This may be the most important question when it comes to archery, “What is the proper way to hold my bow?” My answer is, consistently correct.
Whether you’re left-handed or right-handed, consistency is key for the best performance. It’s no different than other sports. How does a shooter accomplish the same POI, shot after shot? What about a pitcher trying to duplicate the best pitch ever? Positioning their body and using the same force repetitively is the way to accomplish their goals.
- Upright. How else would you stand?
- Relax, stop expecting so much of yourself so soon!
- Feet should be shoulder width apart, that’s for balance, you’ll need to stay upright after all.
Where’s the Pressure
With the bow at a forty-five-degree angle toward the ground, place your non dominate hand, (that would be the one you don’t brush your teeth with), into the pivot point or throat of the grip making contact. Next drop your palm onto the pressure point of the grip where your palm, nearest your thumb, can press into the pressure point with the strength coming from the forearm through the wrist. Relax your hand around the grip, curl from the middle finger to the pinky in. Rest your pointer finger around the front of the grip and finally, your thumb should be pointing toward the Big Shot Ballistic 450X Bag target.
Did you get all that? It’s okay if you need to go back and read it again, I’ll be here when you get done, even if you are a slow reader.
The Draw and Release
You’ve got the stance, and the non-dominate hand placement, next up the draw. Before you go any further you have a decision to make, again, I don’t care how long it takes you, I’ll be waiting. Do you prefer a mechanical release like the Trophy Ridge Spot On Release or are you a finger shooter?
Do you use a mechanical release, attach your hook or jaw to the D Loop. Using your dominant hand, pull the string back raising your elbow up and straight back forming a T with both arms and your body. The bow string should be near your jaw, when you’ve got your target in sight, gently apply a light continuous pull of the trigger until the release occurs. You should still be in the T position after you’ve taken the shot, follow through is key to consistency.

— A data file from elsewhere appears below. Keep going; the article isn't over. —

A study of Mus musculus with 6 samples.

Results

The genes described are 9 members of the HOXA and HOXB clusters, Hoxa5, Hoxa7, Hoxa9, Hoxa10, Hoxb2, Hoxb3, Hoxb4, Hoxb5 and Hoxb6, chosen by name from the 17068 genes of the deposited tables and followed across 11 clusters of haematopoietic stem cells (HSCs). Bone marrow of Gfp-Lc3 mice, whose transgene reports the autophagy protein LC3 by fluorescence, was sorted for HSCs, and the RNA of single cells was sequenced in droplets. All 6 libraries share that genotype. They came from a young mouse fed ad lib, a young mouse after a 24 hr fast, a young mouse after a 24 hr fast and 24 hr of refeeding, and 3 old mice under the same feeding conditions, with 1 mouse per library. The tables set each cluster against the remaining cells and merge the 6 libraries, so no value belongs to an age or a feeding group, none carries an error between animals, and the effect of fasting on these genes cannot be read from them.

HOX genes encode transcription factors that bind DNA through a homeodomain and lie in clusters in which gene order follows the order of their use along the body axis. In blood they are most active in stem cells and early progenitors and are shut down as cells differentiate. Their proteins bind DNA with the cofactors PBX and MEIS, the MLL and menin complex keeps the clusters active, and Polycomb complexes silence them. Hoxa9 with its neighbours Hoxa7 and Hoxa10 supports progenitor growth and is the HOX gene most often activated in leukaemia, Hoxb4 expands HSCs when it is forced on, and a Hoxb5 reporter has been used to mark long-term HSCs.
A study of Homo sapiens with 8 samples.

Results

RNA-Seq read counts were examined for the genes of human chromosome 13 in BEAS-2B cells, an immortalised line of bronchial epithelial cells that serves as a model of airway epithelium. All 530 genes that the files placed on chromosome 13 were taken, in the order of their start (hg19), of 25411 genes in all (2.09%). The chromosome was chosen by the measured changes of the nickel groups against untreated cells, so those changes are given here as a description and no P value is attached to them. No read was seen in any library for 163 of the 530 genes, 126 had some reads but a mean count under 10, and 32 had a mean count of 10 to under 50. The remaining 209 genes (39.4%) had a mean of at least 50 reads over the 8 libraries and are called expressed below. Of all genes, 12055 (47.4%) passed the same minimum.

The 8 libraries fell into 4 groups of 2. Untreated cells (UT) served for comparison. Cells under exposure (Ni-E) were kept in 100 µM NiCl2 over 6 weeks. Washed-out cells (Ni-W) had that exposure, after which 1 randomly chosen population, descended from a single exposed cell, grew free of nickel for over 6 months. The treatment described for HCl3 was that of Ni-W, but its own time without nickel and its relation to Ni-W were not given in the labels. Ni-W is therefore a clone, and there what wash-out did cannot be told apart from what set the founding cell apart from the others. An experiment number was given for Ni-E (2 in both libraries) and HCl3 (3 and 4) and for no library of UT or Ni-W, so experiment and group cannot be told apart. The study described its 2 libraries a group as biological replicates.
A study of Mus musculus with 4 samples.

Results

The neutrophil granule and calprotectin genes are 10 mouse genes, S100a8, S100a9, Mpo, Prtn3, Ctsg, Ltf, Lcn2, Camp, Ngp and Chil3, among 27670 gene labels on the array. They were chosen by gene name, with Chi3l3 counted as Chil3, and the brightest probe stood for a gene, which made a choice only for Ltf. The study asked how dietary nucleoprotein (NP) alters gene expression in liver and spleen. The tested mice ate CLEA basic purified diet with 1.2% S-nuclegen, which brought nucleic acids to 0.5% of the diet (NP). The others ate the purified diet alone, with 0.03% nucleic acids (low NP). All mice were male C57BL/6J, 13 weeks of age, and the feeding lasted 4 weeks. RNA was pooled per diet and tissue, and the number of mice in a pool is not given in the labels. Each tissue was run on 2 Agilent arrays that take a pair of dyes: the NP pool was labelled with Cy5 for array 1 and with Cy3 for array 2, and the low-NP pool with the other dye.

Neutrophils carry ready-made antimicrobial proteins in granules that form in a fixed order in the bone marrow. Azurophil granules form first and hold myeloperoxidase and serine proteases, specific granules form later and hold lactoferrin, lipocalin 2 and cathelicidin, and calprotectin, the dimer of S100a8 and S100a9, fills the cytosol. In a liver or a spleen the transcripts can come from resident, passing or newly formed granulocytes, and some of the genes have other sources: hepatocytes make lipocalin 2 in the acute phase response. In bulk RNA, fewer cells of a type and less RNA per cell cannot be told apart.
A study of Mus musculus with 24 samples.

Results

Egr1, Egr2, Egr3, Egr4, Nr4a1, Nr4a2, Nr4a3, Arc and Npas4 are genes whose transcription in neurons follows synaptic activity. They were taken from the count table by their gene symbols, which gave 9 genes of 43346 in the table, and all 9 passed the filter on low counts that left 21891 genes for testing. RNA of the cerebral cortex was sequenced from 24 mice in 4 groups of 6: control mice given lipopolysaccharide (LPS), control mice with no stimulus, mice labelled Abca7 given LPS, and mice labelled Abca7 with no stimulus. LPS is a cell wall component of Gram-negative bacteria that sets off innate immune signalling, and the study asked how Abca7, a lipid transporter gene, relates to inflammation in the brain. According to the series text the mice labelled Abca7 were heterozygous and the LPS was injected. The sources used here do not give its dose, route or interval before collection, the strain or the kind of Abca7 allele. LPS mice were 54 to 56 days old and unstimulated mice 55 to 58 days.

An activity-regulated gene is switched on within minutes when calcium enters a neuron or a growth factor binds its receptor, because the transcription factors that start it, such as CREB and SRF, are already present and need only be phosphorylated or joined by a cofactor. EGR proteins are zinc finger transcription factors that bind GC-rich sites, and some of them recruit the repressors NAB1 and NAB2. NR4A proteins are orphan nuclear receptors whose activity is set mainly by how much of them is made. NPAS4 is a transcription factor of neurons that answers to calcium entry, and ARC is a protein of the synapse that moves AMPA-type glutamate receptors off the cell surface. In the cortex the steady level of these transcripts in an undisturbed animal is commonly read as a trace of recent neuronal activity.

If you are using your fingers, you’re only going to need three. Assuming you have all five fingers, use your index, middle, and ring fingers. If you look at your fingers, you’ll notice they have three segments, the third segment, (the one at the very end of your fingers) from that crease on should be the only thing in contact with the string. Draw the string back pulling your elbow up and back again forming a T, with the top of the index finger in line with your mouth. Don’t straighten your fingers for release, this is a little different so listen up. When you’re ready to release, continue your pull straight back and the string will release itself, rolling off your fingers, your arm should continue in the pulling motion.
Archery is not for the faint of heart.
Faint of heart: Lacking the courage to face something difficult or dangerous.
Is that you? I leave that up to you to decide if the shoe fits. If you just want to get outside and fling some arrows without expectations of mastering the sport and accomplishing near perfection, no worries, fling away and have fun!
Would you like to master the sport and one day be like Robin Hood, (minus the tights), there will be ups and downs and a mass amount of accomplishments as well as failures along the way. If you will listen to that still small voice that tells you the right thing at the right time, when the “faint” begins to creep in, you should be able to kick that faintness in the teeth and keep on drawing to release.
Still Small Voice, “It’s okay, keep trying, you’ll get better.” Or “Just keep drawing, just keep drawing.” Or “Get off your backside and try again!” Or “Go back and read that blog again, you’ve forgotten everything TBB told you?”
Bottom line, the less variance from shot to shot helps maintain consistency, consistently doing things right produces perfection.